Boeing: Less Design Outsourcing On New Planes

Next new Boeing airplanes will be designed, developed and produced with less reliance on outsourcing than the long-delayed 787 passenger jet, a key executive says.

SEATTLE (AP) -- The next new Boeing Co. airplanes will be designed, developed and produced with less reliance on outsourcing than the long-delayed 787 passenger jet, a key executive says.

Even the next derivative of the 787 will rely more on in-house design, said Michael J. Denton, vice president of engineering and the top technical executive of Boeing Commercial Airplanes.

In an audio blog posted on a Boeing Web site for the company' s contract talks with the Society of Professional Engineering Employees in Aerospace, Denton gave Boeing's most complete statement to date on what will be done to avoid a recurrence of the problems plaguing the 787.

Negotiations began Wednesday with the union representing Boeing engineers, scientists and technical workers.

The first 787 delivery is currently set for next August and could be further delayed by the strike by the International Association of Machinists and Aerospace Workers that began Sept. 6. The walkout by Boeing's commercial aircraft production workers could end Saturday with a ratification vote on a tentative agreement supported by union leaders. Outsourcing was the thorniest issue in the dispute.

SPEEA and the Machinists say that if the 787 had been designed and built in-house like previous Boeing planes, it would have been out the hangar door by now.

Denton said Boeing, faced with prohibitive costs for developing the all-composite 787, got subcontractors to share in the initial investment and outsourced much of the design work, partly to avoid hiring a raft of engineers who would then have to be laid off for lack of other work after the plane was ready for full-scale production.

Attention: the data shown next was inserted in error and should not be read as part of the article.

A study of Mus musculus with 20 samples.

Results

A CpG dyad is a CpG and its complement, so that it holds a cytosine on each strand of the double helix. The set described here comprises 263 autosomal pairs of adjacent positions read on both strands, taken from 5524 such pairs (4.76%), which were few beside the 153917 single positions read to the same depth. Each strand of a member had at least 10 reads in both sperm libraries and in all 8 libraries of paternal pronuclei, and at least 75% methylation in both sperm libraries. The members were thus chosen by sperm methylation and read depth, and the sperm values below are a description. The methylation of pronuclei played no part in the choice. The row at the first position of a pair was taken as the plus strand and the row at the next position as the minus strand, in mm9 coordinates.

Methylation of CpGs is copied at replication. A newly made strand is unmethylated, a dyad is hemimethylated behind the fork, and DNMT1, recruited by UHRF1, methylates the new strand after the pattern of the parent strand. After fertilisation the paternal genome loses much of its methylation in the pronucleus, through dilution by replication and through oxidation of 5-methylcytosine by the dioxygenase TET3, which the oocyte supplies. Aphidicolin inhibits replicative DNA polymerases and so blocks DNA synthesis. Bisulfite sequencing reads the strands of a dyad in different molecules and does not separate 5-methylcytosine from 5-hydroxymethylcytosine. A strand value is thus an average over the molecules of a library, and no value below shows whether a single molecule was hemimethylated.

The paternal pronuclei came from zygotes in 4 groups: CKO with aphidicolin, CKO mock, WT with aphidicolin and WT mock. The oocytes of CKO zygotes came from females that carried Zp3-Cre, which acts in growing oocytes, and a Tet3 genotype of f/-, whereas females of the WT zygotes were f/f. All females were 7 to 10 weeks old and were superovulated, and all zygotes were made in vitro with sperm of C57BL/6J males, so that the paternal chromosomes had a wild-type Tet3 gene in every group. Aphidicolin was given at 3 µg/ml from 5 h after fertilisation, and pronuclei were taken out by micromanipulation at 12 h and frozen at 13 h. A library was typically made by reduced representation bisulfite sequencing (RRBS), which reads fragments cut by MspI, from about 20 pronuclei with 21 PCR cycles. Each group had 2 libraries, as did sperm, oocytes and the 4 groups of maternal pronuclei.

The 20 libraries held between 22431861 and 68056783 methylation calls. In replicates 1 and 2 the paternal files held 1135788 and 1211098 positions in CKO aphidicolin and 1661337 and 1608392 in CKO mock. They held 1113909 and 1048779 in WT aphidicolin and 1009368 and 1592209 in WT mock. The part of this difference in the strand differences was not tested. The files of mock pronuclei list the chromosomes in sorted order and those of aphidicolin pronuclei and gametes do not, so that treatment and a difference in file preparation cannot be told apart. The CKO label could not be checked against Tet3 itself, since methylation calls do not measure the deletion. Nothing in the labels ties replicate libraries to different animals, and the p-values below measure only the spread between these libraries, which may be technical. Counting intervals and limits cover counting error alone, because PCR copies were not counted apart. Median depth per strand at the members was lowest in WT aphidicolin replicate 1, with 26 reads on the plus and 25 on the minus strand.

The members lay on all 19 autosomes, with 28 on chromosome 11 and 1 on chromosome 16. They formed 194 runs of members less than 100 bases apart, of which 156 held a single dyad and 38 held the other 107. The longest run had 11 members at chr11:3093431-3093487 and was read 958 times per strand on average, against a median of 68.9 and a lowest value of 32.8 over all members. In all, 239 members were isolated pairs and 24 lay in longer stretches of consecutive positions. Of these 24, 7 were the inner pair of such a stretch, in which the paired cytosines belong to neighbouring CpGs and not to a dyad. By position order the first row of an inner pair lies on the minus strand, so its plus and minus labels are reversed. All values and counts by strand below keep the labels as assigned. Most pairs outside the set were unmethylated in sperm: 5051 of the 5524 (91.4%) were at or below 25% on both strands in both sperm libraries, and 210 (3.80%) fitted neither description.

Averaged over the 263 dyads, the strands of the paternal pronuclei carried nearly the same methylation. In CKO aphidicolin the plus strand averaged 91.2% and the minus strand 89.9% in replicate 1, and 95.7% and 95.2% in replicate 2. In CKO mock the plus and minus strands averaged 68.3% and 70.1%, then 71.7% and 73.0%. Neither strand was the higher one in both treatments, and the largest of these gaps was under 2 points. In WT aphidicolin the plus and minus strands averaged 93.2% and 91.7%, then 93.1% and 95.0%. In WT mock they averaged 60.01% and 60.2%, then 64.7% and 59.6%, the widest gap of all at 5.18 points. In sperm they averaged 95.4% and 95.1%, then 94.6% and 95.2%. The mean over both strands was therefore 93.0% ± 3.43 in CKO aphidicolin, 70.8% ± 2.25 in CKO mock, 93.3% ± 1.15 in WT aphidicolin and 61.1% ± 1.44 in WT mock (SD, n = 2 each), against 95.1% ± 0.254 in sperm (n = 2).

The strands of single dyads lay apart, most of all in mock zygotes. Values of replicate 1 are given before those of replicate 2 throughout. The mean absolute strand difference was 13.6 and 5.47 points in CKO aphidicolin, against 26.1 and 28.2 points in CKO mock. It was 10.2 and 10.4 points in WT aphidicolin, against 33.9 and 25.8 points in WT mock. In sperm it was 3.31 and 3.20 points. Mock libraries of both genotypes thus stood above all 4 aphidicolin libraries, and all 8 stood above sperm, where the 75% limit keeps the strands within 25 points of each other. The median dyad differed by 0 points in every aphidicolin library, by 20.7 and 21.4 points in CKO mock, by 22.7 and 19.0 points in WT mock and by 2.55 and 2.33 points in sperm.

For example, Boeing sent Mitsubishi a general concept, shape and technical requirements for the wings, leaving the internal structure and other details to be designed by the Japanese company. The only major component of the 787 done in-house in the Seattle area was the tail fin.

In many cases, "our assessment of the partners' capability to do that design work ... was higher than their capability," Denton said.

Compounding the problem, "we were late in discovering that (some of) the partners were really struggling," he said. "Our engineers and production workers are basically correcting problems that should never have come to us."

Changes already are being made in work on the 787-9, a longer version of the 787-8, the initial model, Denton said.

"We will do more of the detailed design on the 787-9 than we did on the dash-8," Denton said. "We're working out those details with some of our affected partners now."

In the future, Boeing hopes to stick with the "partner model" for financing.

"However, we will probably do more of the design and even some of the major production for the next airplane ourselves as opposed to having it all out with the partners," Denton said.

Ray Goforth, SPEEA executive director, told The Seattle Times that Denton's comments were "a helpful sign that the company is addressing the concerns raised by the technical work force."

SPEEA's two contracts expire Dec. 1. One covers about 14,200 scientists, engineers and other professionals with average salaries of $82,666 and the other covers nearly 6,700 manual writers, technicians and other hourly workers paid an average of $68,157. About 550 are in Utah, California and Oregon and the rest are in the Seattle area.